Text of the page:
Today the BBC launched their long awaited new production of Poldark, the story of Ross Poldark and Demelza and their endeavours to thrive and prosper in a Cornwall of mining, fishing and no doubt smuggling; a Cornwall removed from the rest of jolly England by Bodmin Moor, Dartmoor and numerous other geographical features that nowadays we just drive through on the M5 and A30.
Having now seen and enjoyed tonight's episode, which has surprised me. I now know that the story was set in 1783. I don't know the story lines but I do know that Poldark was set in a county which between 1760 and maybe 1880 became one of the richest places on the planet. Tin and copper mining was enjoying a technological revolution and with the aid of the new steam powered beam engines, miners could extract the valuable metals from deeper underground than ever before. Other machines crush and smash ore and move ore and coal like the cells in your veins to and from the surrounding coastal ports; the West Cornish landscape must have seemed like something out of a satanic Bosch painting in it's heyday.
Sadly, the last tin mine closed in 1998 and Cornwall has suffered greatly with the demise of mining, the controls on fishing and a lack of meaningful employment - until now...
Today, Cornwall is technically still in the economic doldrums and many would swear that it ain't getting better but I feel there are signs of life, how do I know this? I surmise that the increase in the number of very competent design businesses springing up throughout the county indicates that the economy is becoming a bit more brand savvy. The internet has levelled the marketing playing field and offers anyone and everyone the ability to provide a product or service from anywhere. To those in the know and in the knowledge economy, Cornwall all of a sudden, offers both a relatively inexpensive place to 'set up shop' with the added bonus of extraordinarily beautiful surroundings and amenity.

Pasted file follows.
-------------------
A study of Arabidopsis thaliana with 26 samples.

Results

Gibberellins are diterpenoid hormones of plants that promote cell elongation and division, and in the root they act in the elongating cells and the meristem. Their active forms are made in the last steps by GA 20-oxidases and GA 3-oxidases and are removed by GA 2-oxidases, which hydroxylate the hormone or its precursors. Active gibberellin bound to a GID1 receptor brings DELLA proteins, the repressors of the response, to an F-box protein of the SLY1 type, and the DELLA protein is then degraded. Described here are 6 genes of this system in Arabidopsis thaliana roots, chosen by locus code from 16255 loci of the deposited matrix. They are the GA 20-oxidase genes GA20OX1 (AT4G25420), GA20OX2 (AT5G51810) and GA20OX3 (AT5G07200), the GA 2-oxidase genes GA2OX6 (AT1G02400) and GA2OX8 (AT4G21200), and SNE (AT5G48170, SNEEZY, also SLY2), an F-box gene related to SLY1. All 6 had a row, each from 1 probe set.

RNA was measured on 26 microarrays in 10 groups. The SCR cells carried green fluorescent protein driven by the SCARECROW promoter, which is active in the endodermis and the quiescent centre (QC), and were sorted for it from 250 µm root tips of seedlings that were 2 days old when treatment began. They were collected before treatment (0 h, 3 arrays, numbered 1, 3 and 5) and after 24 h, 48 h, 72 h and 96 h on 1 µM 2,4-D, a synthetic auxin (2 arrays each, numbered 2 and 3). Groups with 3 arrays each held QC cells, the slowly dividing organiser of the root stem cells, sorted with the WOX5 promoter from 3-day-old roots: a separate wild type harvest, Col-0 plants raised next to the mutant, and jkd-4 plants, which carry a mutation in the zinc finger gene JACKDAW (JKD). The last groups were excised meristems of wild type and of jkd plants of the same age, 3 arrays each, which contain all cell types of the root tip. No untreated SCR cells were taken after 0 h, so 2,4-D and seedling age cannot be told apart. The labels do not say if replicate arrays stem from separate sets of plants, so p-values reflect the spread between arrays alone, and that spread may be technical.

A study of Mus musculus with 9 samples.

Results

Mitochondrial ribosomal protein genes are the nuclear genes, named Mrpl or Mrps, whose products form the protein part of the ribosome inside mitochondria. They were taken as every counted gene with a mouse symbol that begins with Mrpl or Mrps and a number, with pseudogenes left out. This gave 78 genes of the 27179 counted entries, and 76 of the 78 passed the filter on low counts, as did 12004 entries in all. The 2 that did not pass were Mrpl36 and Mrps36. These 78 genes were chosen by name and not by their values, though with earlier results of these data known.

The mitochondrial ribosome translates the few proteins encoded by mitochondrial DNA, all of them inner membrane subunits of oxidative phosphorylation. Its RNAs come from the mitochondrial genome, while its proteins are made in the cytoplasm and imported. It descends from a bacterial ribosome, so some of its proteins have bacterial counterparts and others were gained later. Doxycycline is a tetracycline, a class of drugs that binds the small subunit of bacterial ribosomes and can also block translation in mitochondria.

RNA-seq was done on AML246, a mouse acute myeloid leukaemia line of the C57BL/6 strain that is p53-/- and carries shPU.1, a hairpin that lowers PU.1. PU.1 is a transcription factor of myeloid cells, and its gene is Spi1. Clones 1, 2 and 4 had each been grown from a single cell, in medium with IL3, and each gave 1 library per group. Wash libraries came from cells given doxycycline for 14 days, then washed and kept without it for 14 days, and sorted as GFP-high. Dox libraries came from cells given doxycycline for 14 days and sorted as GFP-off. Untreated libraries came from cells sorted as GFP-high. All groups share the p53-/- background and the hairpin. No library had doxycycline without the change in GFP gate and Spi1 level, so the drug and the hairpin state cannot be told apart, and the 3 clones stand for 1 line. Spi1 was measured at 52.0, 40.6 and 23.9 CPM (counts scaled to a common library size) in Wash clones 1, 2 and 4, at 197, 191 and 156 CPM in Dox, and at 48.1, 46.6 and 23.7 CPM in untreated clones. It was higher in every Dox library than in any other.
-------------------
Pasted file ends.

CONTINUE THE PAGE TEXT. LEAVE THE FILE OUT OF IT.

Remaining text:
The county needs to be very careful however, greed and inappropriate overdevelopment could easily ruin the very thing which differentiates it from the rest of the country and cheapen it's offer to the discerning traveller. Thankfully the 10 major regions of mining activity and the remnants thereof have been protected by UNESCO World Heritage status. But what of it? A bunch of derelict buildings whose photographs adorn the shiny tins of ginger biscuits on the tables and doylies of the aged is not going to polish the image of the county with the young.
Surfing! That's it!
Well I'm not so sure. You ask any seasoned cornish surfer what the problems are and he, or she, will tell you 'there's too many surfers out there dude and it's damned cold!'. And what of the not so active visitor? He or she might like to sit on a crowded beach or on a wet day, visit one of the many 'attractions'.
Which brings us right back round to Poldark. After the previous series in the 1980's a small attraction outside Helston called H'apenny Park rebranded as Poldark Mine. I used to work there producing sepia-toned photographs of tourists dressed as miners, a job I really enjoyed and real chemical darkroom stuff too. Later I produced an illustration used for the cover of their brochure, a job I'm not so proud of. The main attraction of Poldark was a descent into what was described as a mine, I was never convinced that it was a 'real mine' but, it was apparently operational during the tin mining boom and was called Wheal Roots. I have been down the mine a few times and it is a great little tour, you can even organise to have your wedding there in one of the caverns. However, one of the big problems with these sorts of places is the need to keep the kids happy and keep the money rolling in. The museum part had an interesting array of artefacts, in my view arranged badly. The interpretation was designed to be read by someone who was 12 years old and probably wasn't, as museums with artefacts in glass cases are generally so dull. So, more and more 'kidstuff' was piled into the place; arcade games, ball pools, shooting galleries and a lot of tourist fodder tat which I felt somehow cheapened the whole experience.
Poldark mine has recently changed hands and hopefully the new owners will tap into the huge heritage potential and bring the place up and maybe reject some of the less attractive bits. The previous owner, a true mining engineer, who sadly died last year had a great relationship with the mexican mining heritage community. A community derived from 'Cousin Jacks'. It is these things that should be endorsed and championed as well as the local history. The underground tour is still one of the best in the UK.